Suedtirol Jazz Festival Alto Adige
(Jun 30-Jul 9 2023. Round-up Part 3 by Alison Bentley)
Korean drummer Sun-Mi Hong’s Amsterdam-based Quintet (Jul 3) was due to play in Bolzano/Bozen’s amphitheatre Parco Semirurali, open to the elements. A dramatic mountain storm meant the organisers had to improvise a last minute alternative- a modern concert hall in the depths of a nearby school. The drums opened, sonorous and stately with mallets, an Afro-Latin feel with an Eastern cymbal sound. (Although Hong doesn’t deliberately draw on Korean influences.) Dreamy trumpet (Scottish Alistair Robert Payne) and tenor (Nicolò Francesco Ricci) slid over the soft hip hop. The bass solo (Italian Alessandro Fongaro) followed the open modal chords beautifully. Another piece had sax and trumpet sparking angular phrases off each other, with broad piano ripples. (Chaerin Im– Korea) Everyone played the plangent melody- including the drums. The descending bass line fell then jumped back up only to fall again. The trumpet solo drew clear shapes over the pixilated background of free bass and drums. Another piece featured grand piano with gospel-edged chords. The horns pulled the notes from the centre and harmonised them. The piano solo had ruminative, spiky rhythms- intriguingly Ligeti-like. Escapism’s piano trills created shimmering overtones, taking us into her world. Trumpet and sax squeals embellished Hong’s gentle brushes like a dawn chorus. Blind had darker harmonies, tenor playing a sweet theme over gentle piano chords, with superb drumming as they exploded into double time. Letter with No Words (from her father finally supporting her “fight to be a drummer”) was understated and meditative as the slow burning energy increased.
Bolzano/Bozen’s Batzen Sudwerk Ca’ de Bezzi hosted the late night gigs in its atmospheric cellar. In KRY, (Jul 3) Austrians Alexander Yannilos (drums) and Philipp Kienberger (bass guitar) laid down the grooves for Iranian clarinettist Mona Riahi. No 1 had long bass guitar notes moving into bumpy clarinet synth sounds, like an EWI. Later, you could hear the clarinet’s natural tone but it was still enhanced over the driving groove. As the clarinet improvised, it was hard to tell which instrument was producing which sound but it didn’t feel important. The second piece (No 3) was fun, with a funky feel, the bass stalking behind light lively clarinet. Twit was full of synth swirls immersed in fabulously inventive drumming and arpeggiated bass.Riahi’s piece I Am My Body was prefaced by a poem, which gave it context. A spacious, beautiful melody unfolded over slow funk. Later, sticks scraped on cymbals with thundery drum beats; the bassist scratched the strings high on the neck. The clarinet floated on top of a big menacing synth groove.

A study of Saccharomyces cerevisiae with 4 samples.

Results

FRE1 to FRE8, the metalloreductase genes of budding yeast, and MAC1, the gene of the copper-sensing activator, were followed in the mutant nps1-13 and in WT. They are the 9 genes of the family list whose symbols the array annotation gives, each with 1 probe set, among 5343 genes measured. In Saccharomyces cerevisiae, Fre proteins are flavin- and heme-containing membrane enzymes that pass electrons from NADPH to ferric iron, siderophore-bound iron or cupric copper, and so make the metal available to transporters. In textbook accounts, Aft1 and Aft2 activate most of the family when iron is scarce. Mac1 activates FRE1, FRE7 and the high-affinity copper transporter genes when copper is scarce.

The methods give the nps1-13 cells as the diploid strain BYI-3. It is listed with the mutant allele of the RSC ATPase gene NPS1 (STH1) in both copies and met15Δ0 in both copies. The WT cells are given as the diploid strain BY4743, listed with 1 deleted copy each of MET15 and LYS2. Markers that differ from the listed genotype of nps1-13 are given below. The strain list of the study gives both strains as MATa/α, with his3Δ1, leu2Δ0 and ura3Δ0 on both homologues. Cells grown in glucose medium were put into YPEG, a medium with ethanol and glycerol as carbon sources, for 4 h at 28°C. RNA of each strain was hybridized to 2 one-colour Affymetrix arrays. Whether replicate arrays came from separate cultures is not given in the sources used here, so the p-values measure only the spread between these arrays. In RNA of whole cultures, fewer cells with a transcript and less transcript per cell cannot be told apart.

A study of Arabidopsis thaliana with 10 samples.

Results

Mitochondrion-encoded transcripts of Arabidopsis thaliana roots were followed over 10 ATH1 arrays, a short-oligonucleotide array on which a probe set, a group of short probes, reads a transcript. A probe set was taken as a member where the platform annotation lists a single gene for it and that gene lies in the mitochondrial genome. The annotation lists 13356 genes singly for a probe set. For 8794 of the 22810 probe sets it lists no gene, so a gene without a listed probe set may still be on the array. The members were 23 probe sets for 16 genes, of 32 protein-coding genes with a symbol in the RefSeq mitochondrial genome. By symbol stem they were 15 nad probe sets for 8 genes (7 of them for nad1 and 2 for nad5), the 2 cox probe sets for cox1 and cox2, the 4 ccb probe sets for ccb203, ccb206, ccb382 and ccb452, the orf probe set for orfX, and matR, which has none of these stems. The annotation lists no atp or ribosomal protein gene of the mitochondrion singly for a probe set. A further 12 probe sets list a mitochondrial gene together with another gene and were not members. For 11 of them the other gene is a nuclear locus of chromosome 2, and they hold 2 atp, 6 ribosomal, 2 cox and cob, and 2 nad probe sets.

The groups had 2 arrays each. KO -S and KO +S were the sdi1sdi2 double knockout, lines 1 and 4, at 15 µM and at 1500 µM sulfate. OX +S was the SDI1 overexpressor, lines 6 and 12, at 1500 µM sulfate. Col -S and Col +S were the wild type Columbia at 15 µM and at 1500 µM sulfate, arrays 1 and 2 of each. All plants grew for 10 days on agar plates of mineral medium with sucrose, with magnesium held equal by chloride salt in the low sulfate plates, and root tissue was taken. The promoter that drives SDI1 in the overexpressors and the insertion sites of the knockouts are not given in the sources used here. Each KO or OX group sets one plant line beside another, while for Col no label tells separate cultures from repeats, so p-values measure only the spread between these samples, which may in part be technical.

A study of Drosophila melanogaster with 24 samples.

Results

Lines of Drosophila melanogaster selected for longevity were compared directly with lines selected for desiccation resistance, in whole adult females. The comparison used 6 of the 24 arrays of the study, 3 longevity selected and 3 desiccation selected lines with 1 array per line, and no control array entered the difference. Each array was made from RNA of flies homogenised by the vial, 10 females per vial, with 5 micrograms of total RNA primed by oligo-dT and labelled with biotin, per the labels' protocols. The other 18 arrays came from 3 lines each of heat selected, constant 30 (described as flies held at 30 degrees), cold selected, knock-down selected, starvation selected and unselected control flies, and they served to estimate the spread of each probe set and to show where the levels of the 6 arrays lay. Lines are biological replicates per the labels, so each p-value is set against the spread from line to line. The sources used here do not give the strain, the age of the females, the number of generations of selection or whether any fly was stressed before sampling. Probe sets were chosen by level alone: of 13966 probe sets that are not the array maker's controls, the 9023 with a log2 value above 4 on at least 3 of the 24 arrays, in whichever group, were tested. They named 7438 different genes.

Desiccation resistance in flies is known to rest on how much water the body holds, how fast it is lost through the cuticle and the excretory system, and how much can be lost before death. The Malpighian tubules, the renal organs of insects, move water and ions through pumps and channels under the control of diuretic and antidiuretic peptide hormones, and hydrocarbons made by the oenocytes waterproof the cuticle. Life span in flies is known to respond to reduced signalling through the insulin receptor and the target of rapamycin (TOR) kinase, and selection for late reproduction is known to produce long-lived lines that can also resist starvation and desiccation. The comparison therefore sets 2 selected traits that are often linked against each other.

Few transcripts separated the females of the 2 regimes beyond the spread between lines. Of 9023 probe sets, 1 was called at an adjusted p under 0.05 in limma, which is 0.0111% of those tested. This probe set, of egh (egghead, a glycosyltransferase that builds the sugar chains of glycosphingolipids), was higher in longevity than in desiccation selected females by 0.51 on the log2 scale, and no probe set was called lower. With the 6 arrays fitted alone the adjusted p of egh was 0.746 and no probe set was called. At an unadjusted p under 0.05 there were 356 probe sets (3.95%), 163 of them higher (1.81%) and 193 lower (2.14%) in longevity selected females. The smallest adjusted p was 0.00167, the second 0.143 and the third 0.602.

Getting to see DUO IN人 (Jul 4) was like a jazz journey to the centre of the earth. Bunker H had been a WW11 air raid shelter, with labyrinthine paths hewn into the rock under the mountain. Rock falls and graffiti were lit by coloured lights, and Korean drummer Sun-Mi Hong and Scottish trumpeter Alistair Robert Payne were bathed in red light at the back of a cavernous space. Hong’s percussive sounds reverberated along the tunnel; the trumpet at times had a breathy tone more like a flugel. The drums were melodic with a variety of deep tones, contrasting with the trumpet’s rhythmic yearning scales. (“It’s beautiful here but it really scares me,” he said.) He made unearthly sounds with his hand in front of the bell; Hong played lots of tiny percussive beats like scree falling down the mountain. Payne played as if soloing over chords in his head, referencing older trumpeters, like Woody Shaw and Clifford Brown. The cymbals were like stalactites dripping as Payne walked back into the red light.
Late that evening, back down in the cellar at Batzen Sudwerk Ca’ de Bezzi, Sun-Mi Hong was improvising with Austrian bassist Lukas Kranzelbinder and Iranian clarinettist Mona Riahi. Kranzelbinder has talked about the importance of repeated grooves and phrases to build energy. He’s studied Moroccan music, and the drums responded brilliantly to his earthy grooves; long electronically-enhanced clarinet notes brought them together. The drums played a samba feel across the beat with bubbling clarinet sounds. A bass solo was meditative, played like a kalimba; in the next phase he played an actual kalimba. The clarinet and drums settled into patterns with a mesmeric, Steve Reichian vibe. Alistair Robert Payne and José Soares guested with them on trumpet and sax on the last piece, all crescendoing into a funky groove.
The next night in Batzen Sudwerk Ca’ de Bezzi, (Jul 5) Brussels band Don Kapot were improvising with fellow Belgian Fulco Otterwanger, describing their music as a “mix of krautrock and jazz.” Viktor Perdieus’ bass sax made tongued sounds; Ottervanger‘skeyboard synth was full of effects; Giotis Damianidis’ (from Greece) bass guitar strutted in with a bouncy riff; Jakob Warmenbol’s strong bass drum beat upwards through the floor. They played a series of asymmetrical time signatures, cerebral but fun, as a basis for improvisation throughout the gig. Perdieus moved to bamboo clarinet in a slow minor prog jazz piece, with overtones of Miles Davis’ Bitches Brew. Ottervanger changed to guitar, with vocalisations somewhere between Robert Plant and Kate Westbrook. Perdieus played a blues on harmonica, and later Ottervanger played a keyboard solo that sounded like metal guitar. Damianidis sometimes strummed the bass behind synth splurges.
It was a dazzling range of bands in well-chosen venues.